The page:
Peruvian mummy to be restored with 3D printer

By September 20, 2018

The Lady of Ampato is getting a makeover. And as insulting as it may sound, it’s actually her whole face that needs to get redone.

Plans to replace what’s left of the 500-year-old mummy’s current look with a new, 3D-printed face were announced Thursday by museum director Ruddy Perea of Peru’s Santa Maria Catholic University’s (UCSM)

The Lady of Amptao mummy, commonly known in Peru as “Mummy Juanita,” was found at the summit of the 6,288-meter-high (20,629 feet) Ampato Volcano near Peru’s southern city of Arequipa in 1995. She is believed to have been an offer in an Incan religious ceremony between 1440 and 1450 AD. She was likely mummified in her early teens. When she was discovered 23 years ago, she still had all her internal organs in tact and was found wrapped in a blanket along with elaborate jewelry and clothing commonly used in sacrifice ceremonies.

The 3D printing project has actually been in development for a year as USCM officials have collaborated with UK forensic scientists.

According to state-owned news agency Andina, in order to remake the Lady of Ampato’s face, researchers will use a high-tech photogrammetry software that uses design techniques to superimpose images.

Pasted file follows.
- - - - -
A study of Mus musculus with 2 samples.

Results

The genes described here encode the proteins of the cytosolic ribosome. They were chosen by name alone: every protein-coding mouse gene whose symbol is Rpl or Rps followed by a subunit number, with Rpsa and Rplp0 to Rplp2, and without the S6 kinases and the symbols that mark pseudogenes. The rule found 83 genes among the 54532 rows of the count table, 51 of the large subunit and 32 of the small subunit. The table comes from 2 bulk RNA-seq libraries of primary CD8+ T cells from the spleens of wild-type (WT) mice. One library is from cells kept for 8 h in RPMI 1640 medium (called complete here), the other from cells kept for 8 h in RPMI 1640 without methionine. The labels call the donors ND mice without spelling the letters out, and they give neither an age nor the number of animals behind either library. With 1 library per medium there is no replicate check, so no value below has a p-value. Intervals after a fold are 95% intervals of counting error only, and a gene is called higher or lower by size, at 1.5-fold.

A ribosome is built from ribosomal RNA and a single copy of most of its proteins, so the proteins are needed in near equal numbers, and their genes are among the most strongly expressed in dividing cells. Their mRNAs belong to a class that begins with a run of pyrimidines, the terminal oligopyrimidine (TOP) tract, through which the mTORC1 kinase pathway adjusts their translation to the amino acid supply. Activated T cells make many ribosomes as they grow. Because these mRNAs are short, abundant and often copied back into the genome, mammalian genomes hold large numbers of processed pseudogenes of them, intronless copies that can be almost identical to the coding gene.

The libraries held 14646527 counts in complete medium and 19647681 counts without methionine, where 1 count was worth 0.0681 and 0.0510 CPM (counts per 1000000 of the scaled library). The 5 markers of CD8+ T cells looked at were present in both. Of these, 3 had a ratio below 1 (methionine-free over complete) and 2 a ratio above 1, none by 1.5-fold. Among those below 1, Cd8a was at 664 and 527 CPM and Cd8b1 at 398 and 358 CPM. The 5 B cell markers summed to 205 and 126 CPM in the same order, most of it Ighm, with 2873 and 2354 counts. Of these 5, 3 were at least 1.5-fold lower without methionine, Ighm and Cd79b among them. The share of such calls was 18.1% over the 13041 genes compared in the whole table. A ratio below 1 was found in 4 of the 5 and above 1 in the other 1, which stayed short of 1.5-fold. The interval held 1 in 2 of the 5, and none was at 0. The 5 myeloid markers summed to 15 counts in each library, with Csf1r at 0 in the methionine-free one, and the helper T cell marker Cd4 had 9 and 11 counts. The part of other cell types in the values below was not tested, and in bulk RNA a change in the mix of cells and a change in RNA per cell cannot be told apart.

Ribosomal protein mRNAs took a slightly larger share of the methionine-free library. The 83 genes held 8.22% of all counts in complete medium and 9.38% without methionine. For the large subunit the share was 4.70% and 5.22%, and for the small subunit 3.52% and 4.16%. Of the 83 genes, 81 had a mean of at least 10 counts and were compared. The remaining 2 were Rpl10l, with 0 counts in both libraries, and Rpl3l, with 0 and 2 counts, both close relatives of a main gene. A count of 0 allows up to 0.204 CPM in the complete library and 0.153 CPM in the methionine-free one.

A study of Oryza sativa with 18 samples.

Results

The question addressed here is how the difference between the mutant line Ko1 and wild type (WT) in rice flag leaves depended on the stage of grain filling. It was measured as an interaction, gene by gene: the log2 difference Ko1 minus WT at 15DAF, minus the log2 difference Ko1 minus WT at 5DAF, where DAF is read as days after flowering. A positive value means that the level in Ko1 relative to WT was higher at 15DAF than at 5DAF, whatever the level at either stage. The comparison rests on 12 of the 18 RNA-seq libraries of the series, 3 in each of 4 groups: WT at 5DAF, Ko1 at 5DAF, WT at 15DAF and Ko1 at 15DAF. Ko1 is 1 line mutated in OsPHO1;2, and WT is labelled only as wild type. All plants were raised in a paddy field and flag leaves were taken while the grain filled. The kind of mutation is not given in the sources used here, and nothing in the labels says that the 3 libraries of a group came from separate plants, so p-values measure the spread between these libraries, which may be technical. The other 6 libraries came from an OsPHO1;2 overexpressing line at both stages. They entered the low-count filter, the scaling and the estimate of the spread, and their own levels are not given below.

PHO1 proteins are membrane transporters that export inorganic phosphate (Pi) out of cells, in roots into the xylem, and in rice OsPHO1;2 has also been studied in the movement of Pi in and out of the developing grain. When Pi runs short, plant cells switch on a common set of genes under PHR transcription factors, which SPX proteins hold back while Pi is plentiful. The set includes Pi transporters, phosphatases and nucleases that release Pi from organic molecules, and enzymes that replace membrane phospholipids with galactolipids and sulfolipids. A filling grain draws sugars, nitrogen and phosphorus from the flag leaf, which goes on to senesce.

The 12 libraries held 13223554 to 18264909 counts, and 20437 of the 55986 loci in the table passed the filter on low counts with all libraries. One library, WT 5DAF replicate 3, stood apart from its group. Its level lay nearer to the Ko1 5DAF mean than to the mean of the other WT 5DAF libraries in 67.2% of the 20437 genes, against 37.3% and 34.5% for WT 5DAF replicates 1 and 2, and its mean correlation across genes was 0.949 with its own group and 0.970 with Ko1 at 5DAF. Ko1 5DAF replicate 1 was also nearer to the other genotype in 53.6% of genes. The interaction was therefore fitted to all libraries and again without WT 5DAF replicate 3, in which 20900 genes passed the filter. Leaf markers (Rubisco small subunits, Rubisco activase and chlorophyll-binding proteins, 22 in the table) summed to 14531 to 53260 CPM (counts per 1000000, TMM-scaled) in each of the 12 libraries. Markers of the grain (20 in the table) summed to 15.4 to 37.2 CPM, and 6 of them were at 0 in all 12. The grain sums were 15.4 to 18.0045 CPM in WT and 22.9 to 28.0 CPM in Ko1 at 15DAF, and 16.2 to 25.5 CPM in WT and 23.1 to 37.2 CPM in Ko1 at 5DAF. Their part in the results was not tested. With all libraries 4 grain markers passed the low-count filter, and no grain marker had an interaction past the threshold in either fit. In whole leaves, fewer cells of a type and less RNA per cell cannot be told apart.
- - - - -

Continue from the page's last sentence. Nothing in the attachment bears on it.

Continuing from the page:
They will then use other sets of modern equipment to conduct analyses on teeth shape and mouth structure. This will then let scientists know the mummy’s approximate height, age and other anthropological information that they can use to make a 3D replica that is as precise as possible.

In the past, anthropologists have hypothesized that “Mummy Juanita” was hit in the head with a blunt object, which would follow in line with a sacrificial killing. Per Incan custom, when certain babies were born they were raised to eventually be sacrificed to the gods that inhabited Ampato Volcano. On the volcano top, a high priest would stand over the child and hit him or her over the head to deal the fatal blow before leaving the child buried at the crater.

“Mummy Juanita” was found in large part thanks to a volcanic eruption that slid it partially down the mountain and allowed anthropologists Johan Reinhard and Miguel Zarate to discover her still in-tact corpse.